As part of our Gender Equality Week series, our colleagues in the Asia Pacific weigh-in on the gendered toll of the COVID-19 pandemic. Feature post by Principal Consultant Mia Urbano and Senior Consultant Felicity Pascoe with Alinea-Whitelum – Alinea International’s development consultancy service in Australia.

The World Economic Forum’s Global Gender Gap Report for 2021 leads with the finding that COVID-19 has set back the closing of gender equality gaps by a generation – from 99 to 135 years. For East Asia and the Pacific, the gap now stands at 165 years. Notably, the report was published in March 2021, before the Delta variant and the threat it has posed to gender equality.

In the Asia Pacific region, the prolonged border closures, shelter-in-place orders, school and worksite interruptions, decimated tourist, service and retail industries, and accelerated digitalization will not bode well for most women. With the ongoing disruption to education, the projection is now that girls are less likely to return to the classroom than boys, globally.

While it remains unclear when and how countries will emerge from the grip of this pandemic, evidence continues to mount on the gendered toll. For the ‘first time in modern economic history’, restrictions have been imposed for the sake of public health. However, recent data from Asia and the Pacific starts to sketch the rebound and recovery that is needed for women, once countries are in a position to do so.

In Vietnam, after a decade of stability, there was a three per cent drop in the labour force participation rate of women in the 12 months to December 2020. A fall of three per cent may sound minor, but it equates to nearly one million female workers. Some of the country’s hardest hit sectors such as tourism, hospitality, retail and light manufacturing are female-intensive industries. However, unemployment figures have not adjusted and do not reflect discouraged workers who have permanently given up seeking employment, or maintaining the double shifts of care and work, and the ‘workers’ with zero hours. Those employees were not counted in this tally.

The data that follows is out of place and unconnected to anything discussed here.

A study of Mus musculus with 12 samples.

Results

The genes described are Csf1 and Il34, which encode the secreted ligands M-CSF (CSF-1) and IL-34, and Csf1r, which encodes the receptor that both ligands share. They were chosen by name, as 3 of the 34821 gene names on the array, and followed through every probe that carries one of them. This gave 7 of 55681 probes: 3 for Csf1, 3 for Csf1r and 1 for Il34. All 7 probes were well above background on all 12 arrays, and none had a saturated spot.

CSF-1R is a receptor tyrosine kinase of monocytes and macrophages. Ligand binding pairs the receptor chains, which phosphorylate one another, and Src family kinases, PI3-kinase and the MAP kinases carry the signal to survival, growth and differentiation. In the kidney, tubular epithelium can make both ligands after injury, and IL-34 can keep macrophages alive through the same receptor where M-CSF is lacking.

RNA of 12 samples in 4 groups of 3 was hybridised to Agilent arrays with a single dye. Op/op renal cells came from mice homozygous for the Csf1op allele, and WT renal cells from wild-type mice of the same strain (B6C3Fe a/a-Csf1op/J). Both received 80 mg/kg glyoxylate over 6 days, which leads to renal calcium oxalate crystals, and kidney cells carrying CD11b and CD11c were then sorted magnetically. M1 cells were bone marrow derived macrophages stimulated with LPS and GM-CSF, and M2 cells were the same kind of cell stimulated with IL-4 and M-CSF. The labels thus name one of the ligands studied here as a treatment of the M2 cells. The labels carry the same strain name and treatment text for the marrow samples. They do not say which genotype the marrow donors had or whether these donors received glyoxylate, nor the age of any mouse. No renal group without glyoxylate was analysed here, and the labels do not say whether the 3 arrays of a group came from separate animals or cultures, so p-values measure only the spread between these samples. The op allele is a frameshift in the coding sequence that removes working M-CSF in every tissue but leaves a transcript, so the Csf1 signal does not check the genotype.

There have been 4.2 million reported cases of COVID-19 in Indonesia, since the start of the pandemic. Women make up the majority of frontline care workers in the country – as healthcare professionals and care givers in the home. In May 2021, UNICEF conducted a study in Indonesia which concluded that in almost three quarters of households (71.5 per cent), mothers were primarily responsible for childcare and home schooling, compared to 22 per cent of men. In addition to carrying the responsibility of caring for children and home schooling, roughly half of these women were also engaged in paid work to support families.

In addition to research that highlights that a decrease in employment options increases the precariousness of conditions for worker, it is also known to increase the risk of sexual harassment for women. In 2017, prior to the pandemic, an International Labour Organization and DFAT report on women in business in Indonesia cited a study found that 57 per cent of sampled garment factory workers in Jakarta had experienced sexual harassment. The threat of job loss in a COVID-19-contracted labour market can only be assumed to amplify the problem and collude in greater silence on this harm.

Pre-existing gender divides – such as in access to capital and collateral – are also deepening for women traders. A study of market vendors in Fiji (85 per cent of the sample were women) found that most vendors did not have sufficient savings to see them beyond a fortnight of interrupted trading. Concerningly, this data was from early in the pandemic – in April 2020 – when cases were close to zero. Business struggles have also been found to follow gender lines. A Pacific Trade Invest Australia survey of businesses in July 2020 found that 71 per cent of women-led businesses in the Pacific region reported very negative impacts of COVID-19 to their business, as compared with 57 per cent of men-led businesses.

Economic recovery will take place in this gendered landscape. The measures adopted, the choice between austerity and social security, the targeting of assistance packages, and even the preferred transfer mechanisms, are deeply implicated in which sectors, businesses, workers and segments of the population are thrown a buoy. Public investment in capital works and digital infrastructure won’t translate to benefits for women if gendered occupational segregation and technology dominance is left unaddressed. Whereas public investment in child and elder care, by comparison, would generate new jobs and replace the reliance on women’s provisioning.

The UN Women’s policy brief on women’s leadership and COVID 19 highlighted that, globally, women heads of government in Denmark, Ethiopia, Finland, Germany, Iceland, New Zealand and Slovakia are leading effective responses to COVID-19. Their approach was recognized as ‘transparent and compassionate’, and focused on the collective and collaboration, rather than the individual and competition. The effective containment policies and lower death rates from COVID 19 in the above named countries that were led by women are disproving the discriminatory gender norms and beliefs about women in leadership.

With women being the exception in economic ministries and national COVID-19 taskforces of the region, economic recovery needs to be planned with women in mind.